NASA has awarded contracts to three companies to deliver cargo to the orbiting International Space Station (ISS), the US space agency said Thursday.
The resupply contracts run from 2019-24, as NASA continues a policy of cultivating a private space launch industry.
The contract winners are Orbital ATK of Dulles, Virginia; Sierra Nevada Corporation of Sparks, Nevada; and SpaceX of Hawthorne, California, which is owned by investor Elon Musk, whose ventures include electric car company Tesla Motors.
Under NASA's first round of ISS resupply contracts, Orbital and SpaceX have already lifted nearly 16,000 kilograms of cargo in recent years to the orbiting space station.
The ISS, which has been occupied since November 2000, was assembled by the United States and Russia and is operated jointly by those two countries along with Japan, Canada and the European Space Agency.
Sierra Nevada will be carrying out its first cargo mission. Orbital and SpaceX each lost an unmanned cargo spaceship since 2014 on ISS launches.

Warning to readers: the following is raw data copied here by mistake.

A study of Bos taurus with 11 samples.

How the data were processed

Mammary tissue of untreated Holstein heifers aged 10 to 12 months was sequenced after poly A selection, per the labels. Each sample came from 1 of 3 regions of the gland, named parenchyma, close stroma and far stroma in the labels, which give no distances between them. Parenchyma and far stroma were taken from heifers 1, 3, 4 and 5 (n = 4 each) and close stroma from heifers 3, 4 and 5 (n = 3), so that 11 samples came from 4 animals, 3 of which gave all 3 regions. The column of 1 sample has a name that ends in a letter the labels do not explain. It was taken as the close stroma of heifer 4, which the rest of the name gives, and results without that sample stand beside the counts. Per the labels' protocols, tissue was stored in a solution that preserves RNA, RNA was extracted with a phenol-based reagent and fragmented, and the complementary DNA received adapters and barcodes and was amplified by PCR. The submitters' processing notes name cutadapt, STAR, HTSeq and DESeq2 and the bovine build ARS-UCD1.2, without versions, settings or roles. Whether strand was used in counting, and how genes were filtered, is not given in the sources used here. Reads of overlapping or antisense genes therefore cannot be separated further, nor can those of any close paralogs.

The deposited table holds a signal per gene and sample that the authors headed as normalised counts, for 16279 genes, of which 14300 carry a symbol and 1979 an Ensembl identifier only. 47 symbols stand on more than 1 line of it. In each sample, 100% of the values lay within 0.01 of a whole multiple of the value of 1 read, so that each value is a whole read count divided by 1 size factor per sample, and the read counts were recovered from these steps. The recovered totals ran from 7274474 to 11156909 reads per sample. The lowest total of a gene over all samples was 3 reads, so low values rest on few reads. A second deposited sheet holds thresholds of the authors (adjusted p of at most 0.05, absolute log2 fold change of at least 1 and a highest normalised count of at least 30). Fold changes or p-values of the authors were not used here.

"Selecting multiple providers assures access to ISS," NASA said in a statement.
"Awarding multiple contracts provides more options and reduces risk through a variety of launch options and mission types, providing the ISS program a robust portfolio of cargo services that will be necessary to maximize the utility of the station."
Each company is guaranteed at least six cargo launches, NASA said. Under the contracts, the private resupply missions will also dispose of unneeded ISS cargo and return other cargo including research samples to NASA.
NASA chief Charles Bolden said the agency is "firmly on track to return launches of American astronauts to the ISS from American soil on American commercial carriers."
The first 2008 resupply contract was for 3.6 billion dollars. NASA gave no value for the new contract, saying it would depend on the details of the missions requested.